Blue House

Can S Korea’s Blue House Reporters Ask More Questions Now?

ké radar

On his first day as president of South Korea, Moon Jae-in held a press conference in Chunchugwan, the Blue House’s press building. After talking for a little less than 10 minutes, Moon left without a Q&A session. His top aides stayed behind for nearly 20 minutes to answer questions, unscripted, from the presidential press corp.

This seemingly unremarkable gesture at communicating with the press was enough to surprise those who had grown accustomed to Park Geun-hye. AFP reporter Hawon Jung tweeted:

Park Geun-hye, removed from office on Mar. 10 following a massive corruption scandal, was notoriously uncommunicative with the press. During her four years in office, her rare “press conferences” were scripted, from order of questions down to exact wording. The Blue House press corps, a highly prestigious workplace among South Korean journalists, was often perceived as submissive, ineffective and helpless.

Under Park, Blue House reporters were severely limited from getting information. For example, during the conservative Lee Myung-bak administration that preceded Park’s, presidential reporters had access to the contact information of hundreds of Blue House staff. Under Park, even this access was no longer available.

“Blue House reporters couldn’t find out what was happening inside the Blue House,” journalist Song Suk-geon said in an interview with online news Media Today. Song has been a correspondent at the presidential palace for over nine years, since the Lee administration. “Reporters didn’t have access to information that even the cooks knew.”

Until the Kim Dae-jung administration (1997-2002), South Korea’s first liberal government, press freedom within the executive office was severely limited. Previous presidents could intervene in selecting reporters; under Roh Tae-woo (1987-1992), the Blue House picked the reporters, excluding anyone with relatives in North Korea. Kim Young-sam (1992-1997) rejected journalists with experience in anti-government protests.

Blue House press activity blossomed during the two liberal administrations: Kim Dae-jung and his progressive successor Roh Moo-hyun reportedly held over 100 press conferences over their five-year terms (on-the-record meetings with Q&A). Lee Myung-bak, the succeeding conservative administration, held 20. Worse still, Park Geun-hye attended approximately five, including a meeting with Blue House journalists a few weeks after her impeachment in December that she used to claim to reporters that she was innocent.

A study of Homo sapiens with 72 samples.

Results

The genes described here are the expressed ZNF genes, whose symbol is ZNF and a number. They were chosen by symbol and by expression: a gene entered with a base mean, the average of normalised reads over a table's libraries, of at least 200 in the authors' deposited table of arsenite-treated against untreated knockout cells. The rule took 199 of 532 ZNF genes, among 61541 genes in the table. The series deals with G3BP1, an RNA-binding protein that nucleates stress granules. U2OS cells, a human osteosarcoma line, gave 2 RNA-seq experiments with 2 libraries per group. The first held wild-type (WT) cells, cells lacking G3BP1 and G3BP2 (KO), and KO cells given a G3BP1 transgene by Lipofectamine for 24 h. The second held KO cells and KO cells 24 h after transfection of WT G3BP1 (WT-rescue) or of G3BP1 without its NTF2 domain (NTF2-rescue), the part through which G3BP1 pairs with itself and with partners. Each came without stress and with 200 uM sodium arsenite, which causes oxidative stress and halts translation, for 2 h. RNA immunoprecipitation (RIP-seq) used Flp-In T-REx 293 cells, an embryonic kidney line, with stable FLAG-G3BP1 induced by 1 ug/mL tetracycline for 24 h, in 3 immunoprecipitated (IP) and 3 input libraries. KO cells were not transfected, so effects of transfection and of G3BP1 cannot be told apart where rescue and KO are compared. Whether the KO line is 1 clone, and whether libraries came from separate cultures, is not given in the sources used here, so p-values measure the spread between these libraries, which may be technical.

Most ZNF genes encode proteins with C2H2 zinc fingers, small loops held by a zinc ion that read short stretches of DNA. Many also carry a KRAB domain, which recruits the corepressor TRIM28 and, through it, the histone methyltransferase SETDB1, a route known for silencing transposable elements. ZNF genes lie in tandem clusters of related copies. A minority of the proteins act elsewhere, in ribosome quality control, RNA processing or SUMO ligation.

(Incidentally, the Blue House couldn’t confirm the exact numbers of presidential press conferences held by past administrations.)

Press freedom in South Korea began to decline under the Lee Myung-bak administration. Freedom House, a U.S-based democracy watchdog, downgraded South Korea in 2011 from “free” to “partly free,” citing an increase in official censorship. This status remained unaltered throughout Park Geun-hye’s administration. Last year, the watchdog cited Park’s continued efforts to “suppress criticism” and introduce “regulatory measures that could curtail freedom of the press.” This year, South Korea is still “partly free,” ranking 66th out of 199 countries in Freedom House’s Freedom of the Press Report

Around 400 journalists are currently registered at the Blue House, some 100 of whom are foreign. Around 70 of registered reporters are permanently stationed in Chunchugwan (none of them foreign). 

“I say with confidence that you can expect a dramatically changed Blue House,” Moon Jae-in told the presidential reporters on Wednesday.

Moon promises to be more communicative, and physically closer to the people — which is why he vows to move the executive office from the Blue House, a restricted area, to Gwanghwamun, overlooking an open square in downtown Seoul about one kilometer south of the current presidential palace.

“Not communicating with the press means not communicating with the people,” said Song, the veteran Blue House reporter. Hopefully, under Moon, the president’s reporters can be more informed than his cooks.

 

Cover image: Park Geun-hye was notorious for her infrequent, scripted press conferences. (Source: Newstapa)

Haeryun Kang is a freelance journalist based in Seoul and contributing editor at Korea Exposé.